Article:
Illinois House Speaker Mike Madigan tapped Harris to succeed former longtime Majority House Leader Barbara Flynn-Currie – Madigan's faithful, relentless Democrat floor leader – who retired at the end of last session.
Harris' appointment was not received well by Illinois Family Institute executive director David E. Smith, who said the Democrat Party's veer to the Left is becoming more and more prominent.
"This is just more evidence of the Leftward slide of the Democratic Party. Blue dog Democrats are quickly going extinct. This is not something to celebrate, but rather something to lament," Smith told Illinois Review. "Chicago Democrats have very little tolerance for traditional Judeo-Christian values, and that is demonstrated by how they govern with in Springfield. Illinois voters deserve a robust opposition Party who isn't afraid to uphold the platform of the Republican Party."
It's likely the Illinois Republican Party will not be the source of the "robust opposition" Smith seeks. While Republican State Rep. David McSweeney didn't offer a typical response to Illinois Review on Harris' new position, he did to Politico's Shia Kapos – a comment Kapos described as "praise."
"I don't always agree with him ideologically, but I have the highest personal respect for Greg Harris. He's hard-working and looks out for the good of the state," said Rep.Dave McSweeney(R-Barrington Hills).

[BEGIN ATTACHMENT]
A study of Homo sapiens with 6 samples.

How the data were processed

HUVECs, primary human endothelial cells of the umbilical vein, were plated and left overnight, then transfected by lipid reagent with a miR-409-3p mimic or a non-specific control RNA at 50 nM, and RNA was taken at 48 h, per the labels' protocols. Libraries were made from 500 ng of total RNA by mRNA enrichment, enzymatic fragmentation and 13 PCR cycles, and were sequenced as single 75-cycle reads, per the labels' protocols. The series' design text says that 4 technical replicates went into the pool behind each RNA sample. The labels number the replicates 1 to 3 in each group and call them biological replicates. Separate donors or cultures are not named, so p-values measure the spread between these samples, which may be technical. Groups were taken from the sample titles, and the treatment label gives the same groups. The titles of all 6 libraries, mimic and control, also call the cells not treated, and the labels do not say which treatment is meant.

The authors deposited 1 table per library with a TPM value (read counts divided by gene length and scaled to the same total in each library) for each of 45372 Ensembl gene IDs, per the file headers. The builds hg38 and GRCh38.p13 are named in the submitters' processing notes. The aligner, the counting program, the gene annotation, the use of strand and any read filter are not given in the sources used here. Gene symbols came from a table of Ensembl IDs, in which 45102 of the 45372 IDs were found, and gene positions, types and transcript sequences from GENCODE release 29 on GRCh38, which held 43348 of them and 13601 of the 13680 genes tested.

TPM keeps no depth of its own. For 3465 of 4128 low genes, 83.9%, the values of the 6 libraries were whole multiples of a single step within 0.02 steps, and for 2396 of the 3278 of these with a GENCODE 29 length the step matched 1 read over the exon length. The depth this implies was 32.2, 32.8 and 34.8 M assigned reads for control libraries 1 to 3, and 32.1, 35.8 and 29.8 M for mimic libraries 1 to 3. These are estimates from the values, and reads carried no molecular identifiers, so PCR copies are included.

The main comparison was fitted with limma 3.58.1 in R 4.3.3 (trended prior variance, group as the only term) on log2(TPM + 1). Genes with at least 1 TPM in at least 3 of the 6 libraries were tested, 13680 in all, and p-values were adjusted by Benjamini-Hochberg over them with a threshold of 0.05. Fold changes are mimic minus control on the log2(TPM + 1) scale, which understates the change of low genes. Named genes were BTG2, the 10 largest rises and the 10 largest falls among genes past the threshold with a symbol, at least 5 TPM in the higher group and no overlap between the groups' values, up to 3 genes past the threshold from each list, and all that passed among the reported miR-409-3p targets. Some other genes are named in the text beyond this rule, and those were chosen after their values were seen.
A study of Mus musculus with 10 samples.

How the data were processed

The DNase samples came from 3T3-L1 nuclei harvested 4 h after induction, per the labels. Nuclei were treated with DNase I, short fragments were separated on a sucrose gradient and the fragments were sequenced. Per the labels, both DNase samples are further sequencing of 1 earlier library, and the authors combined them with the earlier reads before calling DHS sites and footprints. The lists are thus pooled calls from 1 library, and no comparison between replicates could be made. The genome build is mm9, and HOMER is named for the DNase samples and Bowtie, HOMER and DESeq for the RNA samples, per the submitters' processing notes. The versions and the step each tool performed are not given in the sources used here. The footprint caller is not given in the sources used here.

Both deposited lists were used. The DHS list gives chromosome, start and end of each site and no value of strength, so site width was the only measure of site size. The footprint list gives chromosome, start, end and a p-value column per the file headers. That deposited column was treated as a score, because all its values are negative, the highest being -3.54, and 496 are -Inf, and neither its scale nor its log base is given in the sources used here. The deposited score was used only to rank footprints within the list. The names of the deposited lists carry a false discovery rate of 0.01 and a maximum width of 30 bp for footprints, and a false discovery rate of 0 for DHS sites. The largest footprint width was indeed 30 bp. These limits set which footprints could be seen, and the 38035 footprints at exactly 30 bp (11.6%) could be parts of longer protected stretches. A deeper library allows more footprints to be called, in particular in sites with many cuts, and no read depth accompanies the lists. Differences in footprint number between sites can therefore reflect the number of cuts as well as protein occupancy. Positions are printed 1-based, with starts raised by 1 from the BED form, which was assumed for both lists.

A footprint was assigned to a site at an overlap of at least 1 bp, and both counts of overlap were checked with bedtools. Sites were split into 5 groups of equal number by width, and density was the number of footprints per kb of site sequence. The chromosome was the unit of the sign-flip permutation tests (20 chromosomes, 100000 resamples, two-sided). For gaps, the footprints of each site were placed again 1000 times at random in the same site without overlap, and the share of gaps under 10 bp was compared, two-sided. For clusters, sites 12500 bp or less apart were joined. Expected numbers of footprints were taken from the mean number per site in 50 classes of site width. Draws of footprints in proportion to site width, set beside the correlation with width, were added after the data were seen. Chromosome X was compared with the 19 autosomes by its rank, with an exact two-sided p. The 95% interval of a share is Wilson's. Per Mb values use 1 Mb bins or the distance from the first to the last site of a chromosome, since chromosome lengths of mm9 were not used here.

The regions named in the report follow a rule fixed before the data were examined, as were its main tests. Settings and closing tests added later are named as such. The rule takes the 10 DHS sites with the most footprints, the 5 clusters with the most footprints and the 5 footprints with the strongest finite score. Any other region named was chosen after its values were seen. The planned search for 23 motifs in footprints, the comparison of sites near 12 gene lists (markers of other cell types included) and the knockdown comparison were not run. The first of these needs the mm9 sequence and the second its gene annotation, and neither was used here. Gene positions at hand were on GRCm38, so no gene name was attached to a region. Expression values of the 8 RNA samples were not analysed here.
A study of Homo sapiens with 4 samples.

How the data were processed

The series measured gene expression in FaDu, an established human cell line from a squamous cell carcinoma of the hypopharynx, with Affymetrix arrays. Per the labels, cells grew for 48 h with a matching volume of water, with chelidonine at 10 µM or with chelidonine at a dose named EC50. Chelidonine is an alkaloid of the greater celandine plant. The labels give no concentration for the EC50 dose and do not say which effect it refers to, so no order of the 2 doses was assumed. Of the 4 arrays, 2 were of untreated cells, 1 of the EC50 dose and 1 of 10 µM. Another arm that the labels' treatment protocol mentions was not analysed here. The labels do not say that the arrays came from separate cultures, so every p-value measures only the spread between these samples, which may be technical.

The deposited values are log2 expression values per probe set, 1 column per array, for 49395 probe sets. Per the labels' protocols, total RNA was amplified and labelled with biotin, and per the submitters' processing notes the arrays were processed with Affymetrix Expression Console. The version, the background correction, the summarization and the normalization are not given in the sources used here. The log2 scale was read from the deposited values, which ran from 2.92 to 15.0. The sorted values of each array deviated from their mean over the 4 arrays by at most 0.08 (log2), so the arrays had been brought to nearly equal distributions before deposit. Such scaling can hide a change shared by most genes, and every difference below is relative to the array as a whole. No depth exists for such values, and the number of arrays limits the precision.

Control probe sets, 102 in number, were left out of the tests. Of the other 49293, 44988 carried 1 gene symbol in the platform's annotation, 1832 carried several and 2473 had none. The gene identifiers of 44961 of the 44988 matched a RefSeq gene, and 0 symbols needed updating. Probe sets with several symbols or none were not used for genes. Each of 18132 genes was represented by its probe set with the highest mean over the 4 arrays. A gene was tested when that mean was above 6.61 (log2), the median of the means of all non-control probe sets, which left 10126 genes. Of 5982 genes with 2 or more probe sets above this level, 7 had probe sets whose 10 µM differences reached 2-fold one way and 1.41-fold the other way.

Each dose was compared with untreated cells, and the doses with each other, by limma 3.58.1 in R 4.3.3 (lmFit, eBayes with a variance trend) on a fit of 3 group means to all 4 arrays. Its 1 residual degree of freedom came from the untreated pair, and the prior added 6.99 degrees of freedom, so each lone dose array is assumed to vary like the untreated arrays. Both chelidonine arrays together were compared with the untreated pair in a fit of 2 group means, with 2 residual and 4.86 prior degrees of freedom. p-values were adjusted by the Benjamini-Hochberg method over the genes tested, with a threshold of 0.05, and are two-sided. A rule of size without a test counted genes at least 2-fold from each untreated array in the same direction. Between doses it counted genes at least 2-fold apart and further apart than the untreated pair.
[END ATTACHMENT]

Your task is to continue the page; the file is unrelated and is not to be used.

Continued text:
Kapos went on to quote former IL GOP Chairman Pat Brady, who called the appointment "phenomenal."
Pat Brady, who drew criticism for supporting gay marriage when he was GOP chairman in the early 2000s, also had high praise. "It sends a phenomenal message about the state of Illinois. It's a great moment for the state."
Harris assumed office when his predecessor Larry McKeon stepped out of office in 2006. Before that, Harris' bio says, he "served 14 years as chief-of-staff to former 48th Ward Chicago Alderman Mary Ann Smith and in a number of senior management positions with the National Home Furnishings Association."
That background and his experience in the Illinois House qualified Harris to be key to moving legislation through the Democrat-controlled Illinois House, according to Speaker Madigan.
There's no question that whatever legislation the gay rights advocacy group Equality Illinois seeks, they will get it it the upcoming legislative session.
With the Democrats with veto-proof majorities and a Democrat governor that was enthusiastically supported by Chicago's gay community, Illinois' traditional religious community will have little – if any – political power in Illinois for the foreseeable future.